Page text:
Friday, 20 April 2018

Don't Pull the Communication Cord

July 1st 1907 and at 2pm the London and North West Railway's express from Liverpool stops at Tamworth after someone had pulled the communication cord. When the guard investigated he found it had been pulled by Mrs Higham, none other than the wife of the MP for Sowerby in Yorkshire. She claimed her son of 3.1/2 had fallen from the train. Quickly all stations and signalmen on the line between Tamworth and Stafford were alerted and all traffic stopped as the search began.

By 4:30pm news filtered through that the child had been found near Hademore Crossing and was being treated by a district nurse at the cottage of a Mrs Smith near Whittington Bridge. In Tamworth the stationmaster, a Mr Matthews, stopped the down train and accompanied Mrs Higham as she went to check on her son. They arrived at the same time as Dr Homan who reported the child to have been badly hurt but would live. He had been discovered by a platelayer ganger working on the line. Noticing movement at the side of the line he investigated and found the young boy. He had carried the child to the cottage after sending his colleague for the district nurse whom he had seen cycling past just moments earlier.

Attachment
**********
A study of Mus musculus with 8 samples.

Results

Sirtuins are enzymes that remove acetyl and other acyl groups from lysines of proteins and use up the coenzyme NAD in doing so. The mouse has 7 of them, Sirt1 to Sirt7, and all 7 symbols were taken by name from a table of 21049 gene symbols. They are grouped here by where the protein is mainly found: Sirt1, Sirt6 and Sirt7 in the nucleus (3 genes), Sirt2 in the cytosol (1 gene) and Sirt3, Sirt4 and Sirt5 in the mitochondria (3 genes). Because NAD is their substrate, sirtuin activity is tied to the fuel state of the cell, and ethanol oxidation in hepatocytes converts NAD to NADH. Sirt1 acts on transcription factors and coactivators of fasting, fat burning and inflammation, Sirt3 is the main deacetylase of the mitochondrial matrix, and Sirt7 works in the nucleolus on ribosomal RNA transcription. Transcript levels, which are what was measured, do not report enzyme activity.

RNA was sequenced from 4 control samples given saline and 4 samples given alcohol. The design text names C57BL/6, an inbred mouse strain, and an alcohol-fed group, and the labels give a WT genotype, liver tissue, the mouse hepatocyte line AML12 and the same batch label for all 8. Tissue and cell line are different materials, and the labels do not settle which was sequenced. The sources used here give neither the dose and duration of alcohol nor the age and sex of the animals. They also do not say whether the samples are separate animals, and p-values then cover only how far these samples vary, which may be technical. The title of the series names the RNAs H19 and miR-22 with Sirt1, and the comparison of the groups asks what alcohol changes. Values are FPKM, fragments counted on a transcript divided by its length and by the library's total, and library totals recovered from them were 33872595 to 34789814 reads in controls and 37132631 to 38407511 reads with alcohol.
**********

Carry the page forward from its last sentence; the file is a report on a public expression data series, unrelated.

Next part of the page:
How the door came open on a train travelling at 60mph was never explained, although he was a large child for his age and perhaps he had done something to contribute to the accident. Indeed, his bulk will have helped protect him as an examination of the trackside revealed he had collided with and broken a number of large stones as he bounced along for some 40 yards before coming to rest alongside the line used by traffic in the opposite direction. Although conscious he had not attempted to move which was fortunate indeed as the down express had passed him two minutes after he came to rest here. The driver of the down train had seen the body of the child but surmised he must have hit the mother, hence stopping at Lichfield to raise the alert.

Later that evening Mr Higham MP arrived from London Euston. He made a statement in the House the following day, thanking all those who had had a hand in the rescue and informing them his son was "progressing nicely".

Perhaps the oddest part of this potentially tragic tale came in the form of the newspaper headline, for the Lichfield Mercury led with the odd choice of EXCITEMENT ON THE TRAIN LINE NEAR LICHFIELD.